So I read through all of the “Getaway” collection the other day and thought some stories hit harder than others. Per usual, here’s my rating per story in the collection.
“Uncharted Waters” by Sally Hepworth (3 stars)-Yeah this one shocked me too. Probably because I have pretty much loved most of Hepworth’s mystery novels set in Australia. This one is also set in Australia, but follows a married woman named Ella who is going on a cruise without her husband Mac. While on the cruise though, Ella finds out more about not just Mac, but herself. I just in the end felt a bit letdown on this story. I mean I figured out what was going on and why. But the ending just kind of sits there and you go, that’s it???
His Happy Place” by Zakiya Dalila Harris (5 stars)-This story follows Ama. Ama meets her “hot” boyfriend Nathan who has a cabin in the woods, upstate. What could go wrong? I loved loved loved this. A place that is not quite what it seems and is full of something there waiting. I loved the character of Ama and her friend Corie cracked me up (the little we get of her). But Ama thinking of how sweet and husbandy (is that a word) Nathan is and thinking of what their future may bring after they go to “his happy place” was great. The story starts off at the end, and then you work backwards to be able to see what caused Ama to take the actions she did. The ending was fantastic and I did not see it coming. I am going to look for more of Harris’s work in the future.
ETA: I have read The Other Black Girl, and it didn’t resonate with me fully. But will definitely look at another novel that she puts out in the future.
“Stockholm” by Catherine Steadman (5 stars)-I haven’t liked a lot of her longer novels, but this short story was actually very good. A woman named Olivia is married to a doctor named Sebastian. Initially enthralled with him she feels like she won when they got married. How quickly she finds out that her husband isn’t what he seems and the life she once had is in shambles. Going on a vacation to Stockholm, she finally has a chance to break free.
“Belle Mar” by Luanne Rice (5 stars)-Does Luanne Rice write really good Gothic type style mystery novels? Why did no one tell me? I am going to find her other books to see if they speak to me the way this one did. I loved loved loved this insane little story. We follow Clea McAllister, who we find out lost her family home after the death of her grandmother. Clea believes that her grandmother’s lawyer, took advantage of her and was able to get her to change her will to leave him her home, Belle Mar. Belle Mar is a mansion by the sea which Clea always found comforting. But she returns back to Belle Mar when she is able to rent it out for a week and realizes that her family’s help is still working there. Clea slowly starts to wake up to what was right in front of her all along. Once again, I loved this story. It was fantastic and Rice really does a great job with the Gothic elements. And that ending…ah so good.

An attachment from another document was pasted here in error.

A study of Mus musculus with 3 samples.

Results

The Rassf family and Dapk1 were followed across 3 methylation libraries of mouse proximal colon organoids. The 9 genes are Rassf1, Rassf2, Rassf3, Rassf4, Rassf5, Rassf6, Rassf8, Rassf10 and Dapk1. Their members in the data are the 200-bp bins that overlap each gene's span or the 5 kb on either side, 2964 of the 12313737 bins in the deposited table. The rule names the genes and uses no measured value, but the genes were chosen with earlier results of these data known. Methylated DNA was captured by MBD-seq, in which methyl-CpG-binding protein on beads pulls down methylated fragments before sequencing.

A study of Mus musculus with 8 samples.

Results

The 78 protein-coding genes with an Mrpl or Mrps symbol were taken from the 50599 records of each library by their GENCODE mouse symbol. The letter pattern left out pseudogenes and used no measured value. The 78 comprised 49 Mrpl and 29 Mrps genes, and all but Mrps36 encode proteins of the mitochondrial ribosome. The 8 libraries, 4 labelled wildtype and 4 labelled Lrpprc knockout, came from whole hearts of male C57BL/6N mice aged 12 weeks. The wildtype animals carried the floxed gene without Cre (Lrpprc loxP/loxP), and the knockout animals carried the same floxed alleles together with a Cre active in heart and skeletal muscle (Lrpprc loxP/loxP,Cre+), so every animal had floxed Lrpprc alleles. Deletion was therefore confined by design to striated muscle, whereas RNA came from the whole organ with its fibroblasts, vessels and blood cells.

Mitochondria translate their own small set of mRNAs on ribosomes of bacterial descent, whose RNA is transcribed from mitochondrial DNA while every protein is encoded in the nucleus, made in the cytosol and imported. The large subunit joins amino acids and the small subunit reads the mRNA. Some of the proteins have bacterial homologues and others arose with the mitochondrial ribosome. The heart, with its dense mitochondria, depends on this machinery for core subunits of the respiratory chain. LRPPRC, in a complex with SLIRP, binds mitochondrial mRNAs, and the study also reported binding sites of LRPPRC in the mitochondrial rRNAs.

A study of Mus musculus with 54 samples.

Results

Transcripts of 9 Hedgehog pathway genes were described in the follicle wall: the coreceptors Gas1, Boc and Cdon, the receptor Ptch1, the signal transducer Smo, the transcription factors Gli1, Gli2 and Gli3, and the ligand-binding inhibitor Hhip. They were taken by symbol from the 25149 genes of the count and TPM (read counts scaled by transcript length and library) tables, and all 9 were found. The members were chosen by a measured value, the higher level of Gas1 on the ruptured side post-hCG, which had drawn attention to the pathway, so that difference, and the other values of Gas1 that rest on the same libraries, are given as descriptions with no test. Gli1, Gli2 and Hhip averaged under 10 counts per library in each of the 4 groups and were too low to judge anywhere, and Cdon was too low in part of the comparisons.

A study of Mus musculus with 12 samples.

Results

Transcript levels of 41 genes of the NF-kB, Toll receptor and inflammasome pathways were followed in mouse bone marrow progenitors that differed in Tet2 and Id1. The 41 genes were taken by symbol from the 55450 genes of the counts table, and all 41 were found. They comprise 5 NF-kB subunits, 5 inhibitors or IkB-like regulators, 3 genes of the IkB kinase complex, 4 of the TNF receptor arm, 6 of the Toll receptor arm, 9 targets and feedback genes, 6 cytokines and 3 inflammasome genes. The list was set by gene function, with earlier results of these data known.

“Catch Her in a Lie” by Jess Lourey (4 stars)-We follow two women in this one. One is Evangeline (known as Van) Reed working for a Cold Case Unit and another named Pamela Reed who seems to be on the fun with her daughter. I thought the story was interesting, but the pace moved a little too fast for this to really work. I liked the idea of someone having “visions” and what would they do about the monsters that walk among us, but the story left a lot unsaid.
“Shell Game” by Rumaan Alam (4.5 stars)-A man, Mark is away on vacation with his wife’s brother (Geoff) and his family. Things become more and more unsettled with Mark realizing that he doesn’t really know Geoff that well, and his wife has hidden things from him. At one point when Geoff starts talking about the white race, I would have left that vacation home and took my kids home. Mark also slowly becomes obsessed with a lifeguard (a young boy) on duty, but obsessed with his beauty, of what he was like as he was young, when he was a boy, before he will become a man. I thought this was a great story, but a bit slow at times that just is full of symbolism throughout.